Q: Valuation results generated by your model show drastic under- or overvaluation for some stocks. How confident are you in your valuation methodology?
A: It is all about input parameters to the valuation model. Our valuation algorithm uses historical (i.e. backward-looking) data. Stock valuation, however, is all about the future. We do not pretend to have a crystal ball, and, instead, explicitly assume that the past data is the best predictor of the company's future performance. There are many drawbacks to this approach that, in our opinion, are far outweighed by its major advantage: all stocks are valued on the same objective basis, without interference of any subjective judgement. Having the same 'playing field' for valuation of all stocks allows for fair objective comparisons. Nonetheless, investors are strongly advised to verify all model inputs and adjust them according to their view of the company's future performance.
Q: Your stock valuations are very sensitive to even slight changes to the model input parameters. How do you determine what numeric values of inputs to use?
A: We employ a rather mechanical approach to determining numeric values of inputs. They are determined by a set of calculations performed on historical financial statements of the company in question. All valuation models are very sensitive to input parameters, which should correspond to anticipated future parameters. Future performance, however, does not necessarily has to follow historical data that we use. Therefore, an extreme care should be taken by the investor in selecting values that will best match the company's future performance.
Q: I have been using a DCF calculator on another site that defaults to the discount rate of 11%. I do not understand why your valuation model starts with various discounts rates many of which are below the average return of the market over time. Would you be so kind as to explain this?
A: That's one of a distinguishing features of our valuation model. In calculation of the discount rate we use a calculated probability of the company's default in the period of one year from now (which is usually quite low) and then escalate that discount rate in subsequent years. Site users can change both the initial discount rate and the escalation factor (discount rate multiplier).
Q: Why and how from one week to another a company/stock can go from being substantially undervalued to substantially overvalued?
A: This could happen primarily when new financials become available that change the model's input parameters. We use a computer model for valuation - therefore the input data is so important. Besides the company financials, the valuation is also affected by changes in macroeconomic parameters. In addition to the above, from time to time (quire rarely) we introduce changes to the valuation model itself based on our understanding of the market fundamentals - to make it more theoretically sound.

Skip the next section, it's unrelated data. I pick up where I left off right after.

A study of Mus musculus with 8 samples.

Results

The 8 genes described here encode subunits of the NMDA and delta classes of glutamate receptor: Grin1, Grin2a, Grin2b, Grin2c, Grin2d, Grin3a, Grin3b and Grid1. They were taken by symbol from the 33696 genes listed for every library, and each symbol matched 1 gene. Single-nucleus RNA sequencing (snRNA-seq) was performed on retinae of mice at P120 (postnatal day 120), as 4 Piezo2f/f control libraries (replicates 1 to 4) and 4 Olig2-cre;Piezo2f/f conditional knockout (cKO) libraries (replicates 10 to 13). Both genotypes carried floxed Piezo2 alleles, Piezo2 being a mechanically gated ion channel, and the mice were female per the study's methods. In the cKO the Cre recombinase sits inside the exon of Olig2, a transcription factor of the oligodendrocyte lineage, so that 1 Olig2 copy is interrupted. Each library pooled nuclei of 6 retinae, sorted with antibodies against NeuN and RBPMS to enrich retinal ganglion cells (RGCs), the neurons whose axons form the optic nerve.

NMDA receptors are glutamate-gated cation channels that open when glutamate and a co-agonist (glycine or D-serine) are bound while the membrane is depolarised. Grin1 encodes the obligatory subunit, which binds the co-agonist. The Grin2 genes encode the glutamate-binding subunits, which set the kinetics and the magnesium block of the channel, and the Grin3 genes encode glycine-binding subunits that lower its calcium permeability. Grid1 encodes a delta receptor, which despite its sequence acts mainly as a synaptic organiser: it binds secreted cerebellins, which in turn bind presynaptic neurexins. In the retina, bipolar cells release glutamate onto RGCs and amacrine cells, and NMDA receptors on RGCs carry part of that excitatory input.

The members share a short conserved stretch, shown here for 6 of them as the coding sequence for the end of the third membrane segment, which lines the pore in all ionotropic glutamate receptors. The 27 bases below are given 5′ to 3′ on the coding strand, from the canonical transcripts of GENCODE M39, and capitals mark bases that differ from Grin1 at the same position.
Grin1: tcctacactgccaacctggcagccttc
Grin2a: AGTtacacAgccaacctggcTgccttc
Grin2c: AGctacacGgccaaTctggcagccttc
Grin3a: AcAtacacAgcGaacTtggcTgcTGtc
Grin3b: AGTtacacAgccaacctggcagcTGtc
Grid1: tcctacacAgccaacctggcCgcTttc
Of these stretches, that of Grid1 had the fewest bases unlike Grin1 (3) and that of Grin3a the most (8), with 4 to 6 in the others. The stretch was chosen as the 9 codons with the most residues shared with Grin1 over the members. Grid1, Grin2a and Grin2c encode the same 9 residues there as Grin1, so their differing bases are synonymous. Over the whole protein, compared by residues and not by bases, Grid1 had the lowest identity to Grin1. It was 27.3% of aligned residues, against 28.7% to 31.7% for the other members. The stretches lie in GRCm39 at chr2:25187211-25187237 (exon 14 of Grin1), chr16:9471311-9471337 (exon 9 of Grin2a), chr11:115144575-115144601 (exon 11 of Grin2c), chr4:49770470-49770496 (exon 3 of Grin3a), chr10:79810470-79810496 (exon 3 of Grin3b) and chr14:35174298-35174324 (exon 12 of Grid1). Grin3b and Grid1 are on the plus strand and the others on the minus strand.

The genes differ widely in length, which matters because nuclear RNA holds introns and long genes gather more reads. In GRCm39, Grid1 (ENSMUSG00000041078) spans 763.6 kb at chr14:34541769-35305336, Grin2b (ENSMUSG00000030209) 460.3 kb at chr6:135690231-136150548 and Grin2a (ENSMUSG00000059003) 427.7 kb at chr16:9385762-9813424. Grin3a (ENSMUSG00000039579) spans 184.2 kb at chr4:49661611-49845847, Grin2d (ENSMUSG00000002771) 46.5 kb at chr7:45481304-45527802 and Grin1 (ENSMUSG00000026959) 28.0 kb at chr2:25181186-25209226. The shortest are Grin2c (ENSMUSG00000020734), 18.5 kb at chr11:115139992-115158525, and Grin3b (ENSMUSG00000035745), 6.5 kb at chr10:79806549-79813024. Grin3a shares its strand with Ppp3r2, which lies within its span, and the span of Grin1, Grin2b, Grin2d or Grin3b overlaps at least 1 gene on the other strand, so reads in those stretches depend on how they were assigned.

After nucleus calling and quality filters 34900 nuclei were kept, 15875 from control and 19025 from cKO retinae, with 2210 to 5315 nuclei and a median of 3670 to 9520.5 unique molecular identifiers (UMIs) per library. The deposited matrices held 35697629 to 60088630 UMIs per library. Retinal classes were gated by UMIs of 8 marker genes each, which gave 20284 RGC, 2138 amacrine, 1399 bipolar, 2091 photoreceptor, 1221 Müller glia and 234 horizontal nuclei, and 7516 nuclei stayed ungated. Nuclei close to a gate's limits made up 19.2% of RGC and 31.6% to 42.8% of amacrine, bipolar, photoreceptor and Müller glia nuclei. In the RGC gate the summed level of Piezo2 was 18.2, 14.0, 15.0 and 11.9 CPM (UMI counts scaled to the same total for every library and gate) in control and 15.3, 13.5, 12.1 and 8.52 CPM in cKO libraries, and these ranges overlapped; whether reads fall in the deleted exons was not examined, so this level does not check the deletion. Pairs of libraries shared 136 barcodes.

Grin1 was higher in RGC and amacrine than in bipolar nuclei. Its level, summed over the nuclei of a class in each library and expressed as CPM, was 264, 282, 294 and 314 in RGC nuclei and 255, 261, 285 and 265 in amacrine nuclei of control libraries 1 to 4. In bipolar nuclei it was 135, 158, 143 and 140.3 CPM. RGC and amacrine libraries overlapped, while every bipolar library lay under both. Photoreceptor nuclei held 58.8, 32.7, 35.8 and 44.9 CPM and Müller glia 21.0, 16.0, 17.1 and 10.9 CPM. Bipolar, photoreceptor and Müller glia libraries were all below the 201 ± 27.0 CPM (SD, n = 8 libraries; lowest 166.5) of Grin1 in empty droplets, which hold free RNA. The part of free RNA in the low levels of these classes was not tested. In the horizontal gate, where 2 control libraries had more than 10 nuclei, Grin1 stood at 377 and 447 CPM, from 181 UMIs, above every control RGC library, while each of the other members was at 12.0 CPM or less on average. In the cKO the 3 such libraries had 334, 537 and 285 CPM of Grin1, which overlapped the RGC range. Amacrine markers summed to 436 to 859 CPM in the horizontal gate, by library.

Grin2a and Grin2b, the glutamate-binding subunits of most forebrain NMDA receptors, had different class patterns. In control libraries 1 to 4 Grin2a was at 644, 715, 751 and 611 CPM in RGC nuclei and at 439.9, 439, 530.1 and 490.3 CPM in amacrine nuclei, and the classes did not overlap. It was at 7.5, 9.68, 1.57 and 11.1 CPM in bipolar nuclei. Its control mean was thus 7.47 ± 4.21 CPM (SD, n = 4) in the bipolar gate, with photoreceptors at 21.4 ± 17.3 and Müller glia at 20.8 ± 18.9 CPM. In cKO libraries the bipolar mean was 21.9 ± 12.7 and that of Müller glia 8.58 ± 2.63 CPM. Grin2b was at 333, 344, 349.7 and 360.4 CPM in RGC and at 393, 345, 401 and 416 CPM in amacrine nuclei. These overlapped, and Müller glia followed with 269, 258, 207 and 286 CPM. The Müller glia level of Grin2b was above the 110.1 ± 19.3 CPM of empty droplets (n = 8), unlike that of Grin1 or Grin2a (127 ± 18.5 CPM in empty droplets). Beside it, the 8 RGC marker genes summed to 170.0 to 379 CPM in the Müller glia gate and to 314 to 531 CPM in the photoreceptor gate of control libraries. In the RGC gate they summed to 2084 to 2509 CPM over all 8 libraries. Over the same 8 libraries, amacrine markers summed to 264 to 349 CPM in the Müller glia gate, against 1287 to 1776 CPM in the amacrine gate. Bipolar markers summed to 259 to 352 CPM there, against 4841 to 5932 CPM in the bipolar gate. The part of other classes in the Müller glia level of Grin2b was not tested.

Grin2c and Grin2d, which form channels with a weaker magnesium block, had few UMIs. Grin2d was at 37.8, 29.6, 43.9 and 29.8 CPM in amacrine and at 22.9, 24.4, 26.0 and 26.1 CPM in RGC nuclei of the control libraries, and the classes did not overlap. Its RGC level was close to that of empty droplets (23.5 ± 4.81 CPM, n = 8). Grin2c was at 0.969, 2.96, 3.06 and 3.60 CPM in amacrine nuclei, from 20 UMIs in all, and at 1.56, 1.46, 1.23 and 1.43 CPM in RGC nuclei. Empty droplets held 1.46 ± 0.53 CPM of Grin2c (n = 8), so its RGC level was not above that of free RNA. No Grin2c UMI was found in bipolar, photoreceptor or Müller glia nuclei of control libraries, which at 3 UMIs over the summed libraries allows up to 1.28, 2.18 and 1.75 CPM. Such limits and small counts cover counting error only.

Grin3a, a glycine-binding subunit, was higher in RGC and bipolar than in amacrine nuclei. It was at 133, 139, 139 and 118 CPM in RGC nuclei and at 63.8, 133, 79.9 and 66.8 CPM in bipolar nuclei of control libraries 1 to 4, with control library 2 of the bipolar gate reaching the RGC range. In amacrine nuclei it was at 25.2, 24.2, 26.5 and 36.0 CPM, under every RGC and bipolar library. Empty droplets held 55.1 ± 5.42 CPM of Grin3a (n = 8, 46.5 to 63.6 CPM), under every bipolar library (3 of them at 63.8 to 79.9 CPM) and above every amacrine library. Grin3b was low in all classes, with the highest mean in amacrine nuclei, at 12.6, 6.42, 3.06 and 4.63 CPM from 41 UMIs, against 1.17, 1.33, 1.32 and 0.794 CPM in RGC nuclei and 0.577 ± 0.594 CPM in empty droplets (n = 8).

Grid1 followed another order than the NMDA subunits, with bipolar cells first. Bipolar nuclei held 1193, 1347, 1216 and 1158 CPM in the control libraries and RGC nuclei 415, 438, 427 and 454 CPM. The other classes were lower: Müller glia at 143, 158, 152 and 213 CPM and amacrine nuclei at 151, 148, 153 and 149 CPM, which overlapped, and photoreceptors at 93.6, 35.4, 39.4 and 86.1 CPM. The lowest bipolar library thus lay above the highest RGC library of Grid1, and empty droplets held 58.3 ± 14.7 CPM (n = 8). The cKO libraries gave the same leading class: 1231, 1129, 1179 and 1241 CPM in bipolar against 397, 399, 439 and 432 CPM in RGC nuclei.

Q: Why valuation result is not available for some stocks?
A: This primarily has to do with availability and completeness of at least two years of financial data. For some small companies (especially the ones in the 'penny stocks' category) this could be problematic. Another reason: the financial data we have on a particular company is not consistent with the valuation algorithm we use, which puts in question the validity of the valuation result.
Q: The distribution of the ratings for every stock index and sector shows that the majority of stocks is rated as 'sell' even for indices and sectors that are fairly priced or undervalued. How is this possible?
A: The distribution of ratings alone does not show the full picture. Theoretically, on the downside the price of a stock could only go to zero (the loss of 100%), but on the upside it is unlimited. So, a handful of stocks can drive a stock index higher. Therefore, it is OK for the majority of stocks to be rated as 'sell' even in a fairly-priced or undervalued market.
Q: How would you recommend using your valuation model: buying stocks from the 'strong buy' list at the beginning of the year and then selling them at the end of the year or doing a more frequent rebalancing?
A: We recommend establishing long-term positions - for at least a year. Our stock valuations are updated regularly throughout the year and you may act on them whenever you want. It is just for comparison purposes that we track the full-year performance. Of course, there is no guarantee that you will make money following our model's recommendations, but if your portfolio is well diversified the odds are that you will beat the market. You would still need to make your own research on the stocks you select - as our valuation model could be viewed only as a fancy stock screening tool. And one more thing: don't strive for the maximum gain, but rather for the maximum certainty of a gain.
Q: What is the relationship between the intrinsic value of the S&P 500 Index and the S&P 500 validation index?
A: Intrinsic value of an index is our model's estimation where the index should be if it is calculated with intrinsic values of constituent stocks instead of their market prices. The S&P 500 price movement validation index, on the other hand, just confirms (or otherwise) price movement of the index - its absolute value is irrelevant (the base for it was chosen arbitrary). So, these are totally different animals.